Arriving at the Nebelsee, literally ‘The Lake of Fog’, we discovered that the body of water truly lives up to its name. The long and meandering waters that sit on the border between Brandenburg and Mecklenburg were shrouded in an early-morning mist. Hidden among the haze and forestland on the lake’s southwest bank, we found an inconspicuous grave bearing the name ‘Walter Starbati’. It reportedly belongs to a man that took part in a Nazi project to create their very own kamikaze unit - by manning live bombs with pilots. The project never fully took off, but Starbati was one of the few men to pilot a Fieseler Fi 103R ‘flying bomb’ - better known by its propaganda name, the V-1. He was reportedly killed when the flying bomb he was test-piloting crashed at the end of World War II. But why was he buried at Nebelsee? And how did a German pilot end up sitting on top of a bomb?
In the spring of 1944, the Nazis started to think a method for so-called military "self-sacrifice" similar to that employed by their Japanese allies. The quickest solution was to fill the previously unmanned V1, essentially a cruise missile, with a pilot.
Pilot Staff Engineer Heinz Kensche was commissioned to manage the technical preparations. During a meeting of the Aviation Research Academy (Luftfahrt-Forschungsakademie) on 27 March 1944, the engineer described the technical development of a manned glide bomb. Two months later, Robert Lusser - the technical director of the aircraft manufacturer Fieseler Flugzeug-Werke - was commissioned to adapt the Fi 103 to accommodate a pilot.
The contract for the machine was awarded to the transport manufacturer Henschel-Flugzeugwerke, located in the area of Berlin-Schönefeld. Captain Dipl.-Ing. Fiedler, design engineer and works pilot at Fieseler, was brought in to oversee the management of the project. His development group was called "Segelflug Reichenberg GmbH", and on taking up the project, they settled in the Henschel Flugzeug-Werke in Schönefeld.
The first prototype of a manned Fi 103 was the Re 1, referencing the presiding company’s name. It was launched at the end of August 1944 from a Heinkel He 111 bomber at the Rechlin-Lärz Air Force Research Station.
It was necessary for the aircraft to drop the bomb from a great altitude. Before the weapon was equipped with a pilot seat, the Fi 103 was trialled as a remote-controlled projectile at the Peenemünde-West test site. Now that the flying bomb was manned, the site was moved to the Rechlin-Lärz testing station, just a few kilometres from the misty waters of Nebelsee.
Although the identity of the first man to pilot the prototype has never been confirmed, it’s likely that his name was Willy Fiedler. His plane had no engine: it flew as a glider. During the first trial, the aircraft reportedly spent six minutes in the air before landing smoothly. The second flight of the day, this time with manned by Rechlin test pilot Rudolf Ziegler, wasn’t as successful. The plane was destroyed during landing and Ziegler was seriously injured.
The next two prototypes, the Re 2 and 3, were also tested by Rechlin pilots, and this time they had engines. The Re 3 was equipped both with and without a pilot and designed for a two-person crew. There were some considerable differences between the Re 1, the first prototype, and the Re 4. Under the command of Werner Baumbach of Combat Wing 200, a small unit of Reichenberg pilots were trained to man the machines, but they were never sent on a frontline mission.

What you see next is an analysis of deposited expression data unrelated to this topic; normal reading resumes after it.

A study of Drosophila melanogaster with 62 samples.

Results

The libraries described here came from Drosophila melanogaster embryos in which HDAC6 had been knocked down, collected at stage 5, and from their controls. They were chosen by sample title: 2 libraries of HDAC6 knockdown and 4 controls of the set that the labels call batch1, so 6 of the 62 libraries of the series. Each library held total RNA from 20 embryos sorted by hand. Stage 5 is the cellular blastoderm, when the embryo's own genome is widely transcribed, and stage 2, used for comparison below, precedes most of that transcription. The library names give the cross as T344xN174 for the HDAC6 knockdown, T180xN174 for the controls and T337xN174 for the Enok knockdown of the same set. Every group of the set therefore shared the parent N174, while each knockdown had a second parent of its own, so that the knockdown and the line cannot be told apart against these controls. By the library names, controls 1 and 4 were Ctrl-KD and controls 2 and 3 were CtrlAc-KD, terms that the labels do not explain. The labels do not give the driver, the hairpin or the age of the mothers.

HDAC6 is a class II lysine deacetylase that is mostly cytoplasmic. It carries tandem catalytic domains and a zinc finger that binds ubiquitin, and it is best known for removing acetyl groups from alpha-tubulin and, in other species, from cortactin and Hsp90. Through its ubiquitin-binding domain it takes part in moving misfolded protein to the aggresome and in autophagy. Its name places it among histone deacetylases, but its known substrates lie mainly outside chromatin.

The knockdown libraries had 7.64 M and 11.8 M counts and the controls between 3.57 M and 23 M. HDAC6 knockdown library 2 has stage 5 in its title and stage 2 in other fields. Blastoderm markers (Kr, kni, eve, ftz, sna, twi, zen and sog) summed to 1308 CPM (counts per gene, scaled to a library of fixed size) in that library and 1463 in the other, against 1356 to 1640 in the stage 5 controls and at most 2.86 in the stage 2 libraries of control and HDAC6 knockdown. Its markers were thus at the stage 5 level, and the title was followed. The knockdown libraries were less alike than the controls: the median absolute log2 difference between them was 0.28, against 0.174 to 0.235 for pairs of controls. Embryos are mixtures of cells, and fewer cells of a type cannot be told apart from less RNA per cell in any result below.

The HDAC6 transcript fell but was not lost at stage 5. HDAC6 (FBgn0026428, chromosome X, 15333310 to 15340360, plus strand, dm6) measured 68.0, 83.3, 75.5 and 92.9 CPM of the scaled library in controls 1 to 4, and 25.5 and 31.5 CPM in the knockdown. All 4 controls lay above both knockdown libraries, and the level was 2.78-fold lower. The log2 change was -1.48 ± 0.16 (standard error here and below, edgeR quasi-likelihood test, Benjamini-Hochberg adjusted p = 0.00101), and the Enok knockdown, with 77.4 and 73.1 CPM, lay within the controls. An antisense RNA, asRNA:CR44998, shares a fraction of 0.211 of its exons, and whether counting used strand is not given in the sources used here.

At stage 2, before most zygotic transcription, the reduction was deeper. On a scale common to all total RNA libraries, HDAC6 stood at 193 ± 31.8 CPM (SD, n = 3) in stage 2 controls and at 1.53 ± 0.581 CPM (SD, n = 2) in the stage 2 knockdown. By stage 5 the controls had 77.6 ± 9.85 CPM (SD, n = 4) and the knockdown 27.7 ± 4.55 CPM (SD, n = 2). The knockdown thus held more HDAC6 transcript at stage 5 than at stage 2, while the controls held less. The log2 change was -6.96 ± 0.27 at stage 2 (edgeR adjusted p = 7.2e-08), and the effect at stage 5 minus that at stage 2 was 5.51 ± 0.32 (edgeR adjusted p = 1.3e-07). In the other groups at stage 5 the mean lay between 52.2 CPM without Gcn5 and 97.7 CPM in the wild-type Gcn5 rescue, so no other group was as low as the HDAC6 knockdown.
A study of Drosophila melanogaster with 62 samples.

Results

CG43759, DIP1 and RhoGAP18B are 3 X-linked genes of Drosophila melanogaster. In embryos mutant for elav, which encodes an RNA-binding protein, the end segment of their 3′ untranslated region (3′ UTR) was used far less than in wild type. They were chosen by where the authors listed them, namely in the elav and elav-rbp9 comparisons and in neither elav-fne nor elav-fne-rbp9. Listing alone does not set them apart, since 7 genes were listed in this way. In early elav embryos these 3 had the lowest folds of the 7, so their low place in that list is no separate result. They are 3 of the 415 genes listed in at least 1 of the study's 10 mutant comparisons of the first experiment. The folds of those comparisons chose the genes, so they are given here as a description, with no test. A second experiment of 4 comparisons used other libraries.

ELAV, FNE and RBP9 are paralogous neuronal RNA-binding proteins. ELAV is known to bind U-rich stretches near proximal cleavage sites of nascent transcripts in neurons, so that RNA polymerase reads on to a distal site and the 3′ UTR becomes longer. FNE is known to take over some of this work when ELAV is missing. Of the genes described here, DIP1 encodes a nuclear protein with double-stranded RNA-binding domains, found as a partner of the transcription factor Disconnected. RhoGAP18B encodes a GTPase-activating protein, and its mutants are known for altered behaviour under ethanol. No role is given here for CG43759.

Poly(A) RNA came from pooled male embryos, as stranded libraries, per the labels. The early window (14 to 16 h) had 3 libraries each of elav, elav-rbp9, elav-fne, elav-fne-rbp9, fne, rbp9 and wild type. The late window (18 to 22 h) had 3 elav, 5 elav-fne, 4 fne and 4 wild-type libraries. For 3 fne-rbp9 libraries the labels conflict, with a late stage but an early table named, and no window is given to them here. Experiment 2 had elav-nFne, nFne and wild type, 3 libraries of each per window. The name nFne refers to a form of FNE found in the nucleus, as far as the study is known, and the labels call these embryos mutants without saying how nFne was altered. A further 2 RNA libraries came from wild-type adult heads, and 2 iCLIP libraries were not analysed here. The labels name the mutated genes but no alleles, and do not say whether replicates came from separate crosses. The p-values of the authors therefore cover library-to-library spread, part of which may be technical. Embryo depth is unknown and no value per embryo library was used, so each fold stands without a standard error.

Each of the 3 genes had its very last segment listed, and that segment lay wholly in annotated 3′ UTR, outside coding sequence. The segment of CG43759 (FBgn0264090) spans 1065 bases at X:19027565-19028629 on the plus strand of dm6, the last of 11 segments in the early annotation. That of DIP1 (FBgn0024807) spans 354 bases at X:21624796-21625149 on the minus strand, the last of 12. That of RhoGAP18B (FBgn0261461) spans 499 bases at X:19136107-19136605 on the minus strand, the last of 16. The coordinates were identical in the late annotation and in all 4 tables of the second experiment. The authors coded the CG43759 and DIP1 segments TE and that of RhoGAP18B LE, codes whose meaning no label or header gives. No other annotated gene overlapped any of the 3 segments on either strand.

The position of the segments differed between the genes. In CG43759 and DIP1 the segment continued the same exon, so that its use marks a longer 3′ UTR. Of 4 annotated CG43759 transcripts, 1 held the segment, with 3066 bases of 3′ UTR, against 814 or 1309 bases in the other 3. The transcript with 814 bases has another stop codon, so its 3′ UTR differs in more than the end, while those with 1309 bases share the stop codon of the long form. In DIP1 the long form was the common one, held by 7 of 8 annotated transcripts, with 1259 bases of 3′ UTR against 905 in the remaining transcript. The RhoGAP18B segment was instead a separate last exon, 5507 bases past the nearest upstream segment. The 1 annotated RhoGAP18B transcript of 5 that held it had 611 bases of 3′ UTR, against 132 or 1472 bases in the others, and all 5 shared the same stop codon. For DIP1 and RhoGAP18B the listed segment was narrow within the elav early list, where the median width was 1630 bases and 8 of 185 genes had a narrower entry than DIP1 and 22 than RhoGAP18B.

The owner of the grave we found at Nebelsee, Walter Starbati, had been detached to Rechlin-Lärz to carry out aeronautical testing as a single pilot for the Reichenberg project. Prior to that, he was chief pilot of Zeppelin-Werke airship construction in Friedrichshafen, where he was involved in the development of the enormous transport aircraft, the Messerschmitt Me 323 "Gigant".
(Source: Hans-Peter Dabrowski)
There are records showing that when Starbati died, he was aboard a Re 3, serial number 10 and R 4-10. He was killed during a training flight on March 5, 1945, after the two wings of the Reichenberg came loose and fell off the aircraft. It was written up as a "crash after the loosening of wing panelling". The accident report describes the deadly event with dispassionate words:
"The Reichenberg Re 3 plane with shortened wings was at 16.58 o'clock in the ascent of about 2,800m height after a normal take-off. The speed was between 400 and 500 km/h. During a weak left turn, both wings broke off, one after the other... The aircraft went into an almost vertical fall while the engine was running, without the pilot unsuccessfully trying to leave the aircraft after dropping from the side fairing..."
The accident was one of the reasons why the development of the manned flying bomb and the unit set to fly them were both disbanded. In the war diary of an official aircraft development group of the TLR on March 15, 1945, there is a note: "After the last accident, at the suggestion of Fi-E, KG 200 and the management staff will refrain from further work on the Re-So aircraft.” And so they did, and the project was never fully realised.
Grave of Walter Starbati at Nebelsee
And if you want further evidence of how a pilot fell into the Nebelsee aboard a V-1 bomb, the wreck remains are still at the bottom of the lake for all to find.
Heinrich Beauvais/Karl Kössler/Max Mayer/Christoph Regel, „Die deutsche Luftfahrt – Flugerprobungsstellen bis 1945“, S. 135f.
Horst Materna, Die Geschichte der Hentschel Flugzeugwerke in Schönefeld bei Berlin 1933 – 1945, Verlag, Rockstuhl, S. 272.